In 2008, Nick Saban’s second year in Tuscaloosa, the Alabama Crimson Tide rolled to a 12-0 start (including a 36-0 whitewashing of Auburn) and a No. 1 ranking through November.
But Alabama got clipped by Tim Tebow and Florida in the SEC title game and then subsequently got crushed by Utah in the Sugar Bowl.
The following season, perhaps fueled by the crestfallen conclusion to the ’08 campaign, Alabama mowed through the competition for a perfect 14-0 record and BCS national championship.
How dominant were the Tide in 2009? Eleven of the victories, against top-flight opponents (largely), had a margin of 11 points or more.
Fast forward to the present, as the Crimson Tide are likely still burning from last year’s desultory finish to a once-flawless season, falling to Auburn on a last-second miracle touchdown and then surrendering 45 points to Oklahoma in a Sugar Bowl defeat.
Alabama returns an embarrassing array of elite-level playmakers, starting with the monster trio of tailbacks T.J. Yeldon (1,418 total yards, 14 TDs last year), sophomore Derrick Henry (Sugar Bowl dynamo) and sophomore Kenyan Drake (829 total yards, 9 TDs), and ending with a three-pack of explosive wideouts (DeAndrew White, Christion Jones and Amari Cooper — a virtual Julio Jones clone).
The offensive line still retains its experienced, punishing identity, led by senior guard Arie Kouandijo, center Ryan Kelly and right tackle Austin Shepherd. That veteran leadership will likely influence freshman Cameron Robinson, who could be an immediate starter at the high-profile spot of left tackle.
Back to the offense for a second: Was it only two years ago that Alabama had reportedly stockpiled as many as eight All-American running backs, at a time when most top 20 programs would move heaven and earth just to have one or two in the fold?
In short, there’s a reason why coach Saban and his relentless staff have taken the art of recruiting to a new stratosphere over the last seven years. There’s also a reason why South Carolina coach Steve Spurrier, without provocation, declared Saban to be the greatest recruiter in the history of college sports (during SEC Media Days).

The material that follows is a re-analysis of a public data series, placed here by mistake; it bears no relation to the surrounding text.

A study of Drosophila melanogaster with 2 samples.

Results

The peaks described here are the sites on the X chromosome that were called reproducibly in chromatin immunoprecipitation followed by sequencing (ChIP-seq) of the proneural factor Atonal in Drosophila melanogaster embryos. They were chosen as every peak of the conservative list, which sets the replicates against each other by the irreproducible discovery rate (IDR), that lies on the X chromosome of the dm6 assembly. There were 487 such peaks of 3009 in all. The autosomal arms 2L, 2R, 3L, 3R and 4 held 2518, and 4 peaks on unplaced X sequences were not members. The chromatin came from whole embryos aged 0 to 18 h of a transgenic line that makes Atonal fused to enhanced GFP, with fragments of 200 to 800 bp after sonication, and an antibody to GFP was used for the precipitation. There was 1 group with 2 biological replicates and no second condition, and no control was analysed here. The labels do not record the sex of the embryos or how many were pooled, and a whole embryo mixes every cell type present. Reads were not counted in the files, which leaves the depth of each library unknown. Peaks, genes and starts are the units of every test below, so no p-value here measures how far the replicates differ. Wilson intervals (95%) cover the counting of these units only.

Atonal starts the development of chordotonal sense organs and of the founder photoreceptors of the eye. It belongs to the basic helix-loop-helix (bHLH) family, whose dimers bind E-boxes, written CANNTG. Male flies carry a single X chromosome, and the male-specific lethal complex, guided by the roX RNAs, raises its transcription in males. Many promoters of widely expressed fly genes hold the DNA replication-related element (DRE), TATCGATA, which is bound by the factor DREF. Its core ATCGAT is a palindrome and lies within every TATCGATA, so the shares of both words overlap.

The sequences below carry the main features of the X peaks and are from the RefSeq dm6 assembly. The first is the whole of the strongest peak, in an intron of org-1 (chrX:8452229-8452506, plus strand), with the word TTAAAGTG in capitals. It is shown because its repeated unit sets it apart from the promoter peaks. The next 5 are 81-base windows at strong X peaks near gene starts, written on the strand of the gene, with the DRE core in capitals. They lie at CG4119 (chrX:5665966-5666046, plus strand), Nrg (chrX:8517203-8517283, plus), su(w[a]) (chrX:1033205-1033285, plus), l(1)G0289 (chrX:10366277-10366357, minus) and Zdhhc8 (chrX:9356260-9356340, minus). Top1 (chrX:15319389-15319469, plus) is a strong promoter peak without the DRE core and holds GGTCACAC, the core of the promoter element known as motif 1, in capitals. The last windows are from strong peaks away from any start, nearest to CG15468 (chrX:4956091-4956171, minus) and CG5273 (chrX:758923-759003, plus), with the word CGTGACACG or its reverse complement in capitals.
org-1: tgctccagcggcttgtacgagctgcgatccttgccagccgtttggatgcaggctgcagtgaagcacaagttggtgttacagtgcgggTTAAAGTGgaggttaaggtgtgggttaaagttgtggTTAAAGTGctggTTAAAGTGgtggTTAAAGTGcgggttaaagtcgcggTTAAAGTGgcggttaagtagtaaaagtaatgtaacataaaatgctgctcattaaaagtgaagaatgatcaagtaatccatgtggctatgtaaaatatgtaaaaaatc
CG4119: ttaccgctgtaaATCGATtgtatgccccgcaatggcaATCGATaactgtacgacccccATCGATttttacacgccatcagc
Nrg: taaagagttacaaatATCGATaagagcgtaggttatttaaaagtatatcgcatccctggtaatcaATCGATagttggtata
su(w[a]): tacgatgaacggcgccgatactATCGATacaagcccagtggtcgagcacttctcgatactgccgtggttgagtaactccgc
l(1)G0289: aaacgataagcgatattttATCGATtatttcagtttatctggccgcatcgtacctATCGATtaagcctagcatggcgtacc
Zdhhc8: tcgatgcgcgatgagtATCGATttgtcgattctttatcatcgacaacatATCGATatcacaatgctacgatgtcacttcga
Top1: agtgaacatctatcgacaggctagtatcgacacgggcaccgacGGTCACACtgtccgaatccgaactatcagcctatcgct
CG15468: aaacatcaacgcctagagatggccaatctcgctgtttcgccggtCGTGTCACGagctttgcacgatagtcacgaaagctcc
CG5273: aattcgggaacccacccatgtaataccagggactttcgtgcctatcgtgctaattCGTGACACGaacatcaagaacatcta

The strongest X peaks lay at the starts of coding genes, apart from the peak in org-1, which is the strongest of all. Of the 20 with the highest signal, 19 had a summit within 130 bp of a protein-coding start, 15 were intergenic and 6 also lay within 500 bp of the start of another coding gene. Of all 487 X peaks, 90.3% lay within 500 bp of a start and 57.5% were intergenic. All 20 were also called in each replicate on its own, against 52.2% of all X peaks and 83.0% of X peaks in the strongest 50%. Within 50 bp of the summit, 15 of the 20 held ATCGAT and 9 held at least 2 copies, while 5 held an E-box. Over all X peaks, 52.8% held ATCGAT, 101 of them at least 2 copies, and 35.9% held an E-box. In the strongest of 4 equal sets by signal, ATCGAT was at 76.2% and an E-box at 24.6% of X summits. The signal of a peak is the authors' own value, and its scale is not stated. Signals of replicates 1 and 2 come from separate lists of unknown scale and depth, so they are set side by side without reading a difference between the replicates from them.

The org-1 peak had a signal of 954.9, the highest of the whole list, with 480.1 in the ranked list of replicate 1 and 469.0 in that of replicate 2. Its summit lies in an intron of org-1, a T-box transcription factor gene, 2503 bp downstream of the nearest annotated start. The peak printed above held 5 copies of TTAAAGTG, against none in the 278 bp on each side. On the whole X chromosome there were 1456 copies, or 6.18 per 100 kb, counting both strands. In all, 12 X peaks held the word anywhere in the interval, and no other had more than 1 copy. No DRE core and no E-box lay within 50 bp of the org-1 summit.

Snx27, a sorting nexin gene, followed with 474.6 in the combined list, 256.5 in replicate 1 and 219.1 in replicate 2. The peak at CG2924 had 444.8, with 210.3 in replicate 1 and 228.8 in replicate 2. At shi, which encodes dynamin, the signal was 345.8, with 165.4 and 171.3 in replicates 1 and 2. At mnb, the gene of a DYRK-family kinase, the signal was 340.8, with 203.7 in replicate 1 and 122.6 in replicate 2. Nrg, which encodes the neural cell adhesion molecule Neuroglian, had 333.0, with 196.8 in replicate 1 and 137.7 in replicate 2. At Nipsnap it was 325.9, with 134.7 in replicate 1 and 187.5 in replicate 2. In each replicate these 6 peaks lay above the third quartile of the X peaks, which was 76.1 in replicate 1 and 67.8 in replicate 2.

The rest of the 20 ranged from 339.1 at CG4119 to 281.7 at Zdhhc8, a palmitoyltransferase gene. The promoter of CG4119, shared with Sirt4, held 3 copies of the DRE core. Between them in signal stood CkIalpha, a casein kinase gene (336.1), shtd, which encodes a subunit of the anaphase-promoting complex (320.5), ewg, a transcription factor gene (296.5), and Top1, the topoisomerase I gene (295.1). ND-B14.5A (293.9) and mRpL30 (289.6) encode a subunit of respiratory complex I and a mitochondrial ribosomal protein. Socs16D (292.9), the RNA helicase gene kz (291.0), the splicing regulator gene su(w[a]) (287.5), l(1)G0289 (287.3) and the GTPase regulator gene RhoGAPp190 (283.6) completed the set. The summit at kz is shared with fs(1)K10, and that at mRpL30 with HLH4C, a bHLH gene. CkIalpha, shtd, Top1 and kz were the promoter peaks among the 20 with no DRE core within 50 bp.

Under Saban’s watch, the Crimson Tide will always be a haven for on-the-scene blue-chippers at tailback, receiver and along the offensive/defensive lines.
But Alabama has a fresh star to debut this season, in the form of quarterback Jacob Coker, a Florida State transfer who was apparently a shade below Jameis Winston last August, when the two QBs were competing for the top spot on the Seminoles’ depth chart.
Obviously, Winston went on to capture the Heisman Trophy and lead Florida State to a BCS national title. But if Coker was truly that competitive during fall camp … it stands to reason the Seminoles would have been, at minimum, shoo-ins for the ACC championship last year (and a BCS bowl berth) — if Coker had been named the starter.
Fast forward to the present: While Saban has yet to officially designate a QB starter for the Saturday opener against West Virginia (as of this writing), Coker seems like the odds-on choice to lead the Crimson Tide for the next two seasons.
Alabama wins the SEC title, or at least garners an invitation to the College Football Playoff.
But within this new age of the College Football Playoff, Alabama needs to run the table against West Virginia, Florida, Texas A&M, Tennessee and LSU first, before making the Auburn rematch super-relevant on a national stage.
Playing at Baton Rouge, presumably at night, is never easy. But this year offers a new set of challenges for Saban and Co., since the Crimson Tide will be playing their fourth road outing in a five-game stretch.
Plus, by that time, LSU should have plenty of clarity with its quarterback situation (either Anthony Jennings or Brandon Harris) and newcomer tailback Leonard Fournette — an Adrian Peterson clone, circa 2004 — could be hitting the final stretch of an unprecedented Heisman campaign.
(No true freshman has ever claimed college football’s most celebrated award.)
Of course, Alabama should have clarity with its own cluster of highly skilled quarterbacks and running backs by that time, as well.
In the Saban era (2007-13), Alabama has decimated season-opening, neutral-site opponents like Clemson, Virginia Tech (twice) and Michigan by an average margin of 21.5 points.
So, what chance could West Virginia possibly have against ‘Bama Saturday at the Georgia Dome? (The odds aren’t good.)
After that, the Crimson Tide have a tough, but fair slate against Florida, Ole Miss, Texas A&M, Tennessee (in Knoxville), LSU (after a bye week), Mississippi State and Auburn.